This lodge has nothing to do with wolves…

The Masonic Lodge in Haymarket

By Emma Kelly and Theo Drescher, Authors


Believe it or not, that building has a long and “rich” history within the town of Haymarket. Named after the original town, Hay Market, the lodge was officially chartered in 1911 by the Grand Lodge of Virginia. Freemasons, an mysterious society dating back to 1700, have actually been meeting in Haymarket for 107 years. The Freemasons used to meet in various locations around the town in the 1800’s, until they built the lodge where it is today.

In its early years, the town of Haymarket was chartered in 1999 by a set of judges, lawyers, and clerks who were all masons in the 1700’s. This group pushed for the establishment of mason lodge which later came to light. The lodge was built in 1802 as lodge number 67. However, the charter for this lodge was an unknown Confederate soldier in Centreville, VA  who was hung on the wall of the grand Secretary of the Grand Lodge of Virginia. The soldier then disappeared after his death and the rest of the masons searched for him unsuccessfully forcing the reestablishment as lodge 313 in 1911.

It was formerly named after one of their “ Most Worshipful Masters,” William F. Drinkard, until 1962. According to the Haymarket lodge’s website, “after honoring Most Worshipful Brother Drinkard for fifty-one years and at times suffering some embarrassment with the name Drinkard, the Lodge passed a resolution to recommend to the Grand Lodge that its name be changed to the name of the first Lodge in Haymarket, i.e., Hay Market (two words). Subsequently at the Grand Annual Communication of the Grand Lodge of Virginia in 1962, the proposed resolution was adopted.” Since then, the lodge has been known as Hay market lodge 313 and has stayed put.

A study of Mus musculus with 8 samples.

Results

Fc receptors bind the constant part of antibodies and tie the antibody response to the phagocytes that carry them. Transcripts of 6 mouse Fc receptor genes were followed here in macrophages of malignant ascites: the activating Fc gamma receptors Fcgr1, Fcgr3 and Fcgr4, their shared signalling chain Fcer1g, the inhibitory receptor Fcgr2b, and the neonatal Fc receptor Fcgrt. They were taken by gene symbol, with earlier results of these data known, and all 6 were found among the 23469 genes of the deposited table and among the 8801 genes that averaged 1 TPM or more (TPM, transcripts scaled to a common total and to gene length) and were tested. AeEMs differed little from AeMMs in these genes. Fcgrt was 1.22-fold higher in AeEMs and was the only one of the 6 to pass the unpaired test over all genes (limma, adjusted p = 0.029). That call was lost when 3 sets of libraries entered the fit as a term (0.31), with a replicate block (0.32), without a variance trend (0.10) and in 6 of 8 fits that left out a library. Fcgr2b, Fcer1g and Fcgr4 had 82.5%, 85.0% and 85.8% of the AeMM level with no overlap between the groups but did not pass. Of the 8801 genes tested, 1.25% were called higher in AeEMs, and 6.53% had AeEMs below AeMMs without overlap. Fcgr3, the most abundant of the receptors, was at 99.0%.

The Freemasons, much like any other private society, choose to remain mostly anonymous. Still, the Masons have numerous pages online explaining what they do and when they meet for any prospective members. There are many levels within the Freemasons, but the basic idea when joining is that the prospective must know an already established member and petition for their own acceptance. It is also important to note that, although not recognized as any specific protestant religion, joining the Freemasons has been historically frowned upon by many major churches, including the Catholic church being most notable.

For those who feel they want to become involved with the Haymarket chapter of Freemasons their website explains, “Stated Communications are the 2nd Monday at 7:30pm. Prospective members are encouraged to join us for dinner at 6:30pm. For information about Freemasonry or how to petition for membership, contact us, come visit during an open monthly dinner, or visit the Grand Lodge of Virginia website.” The Freemasons are not known to many in Haymarket, so maybe next drive through town, keep an eye out for the historic Hay Market Lodge building.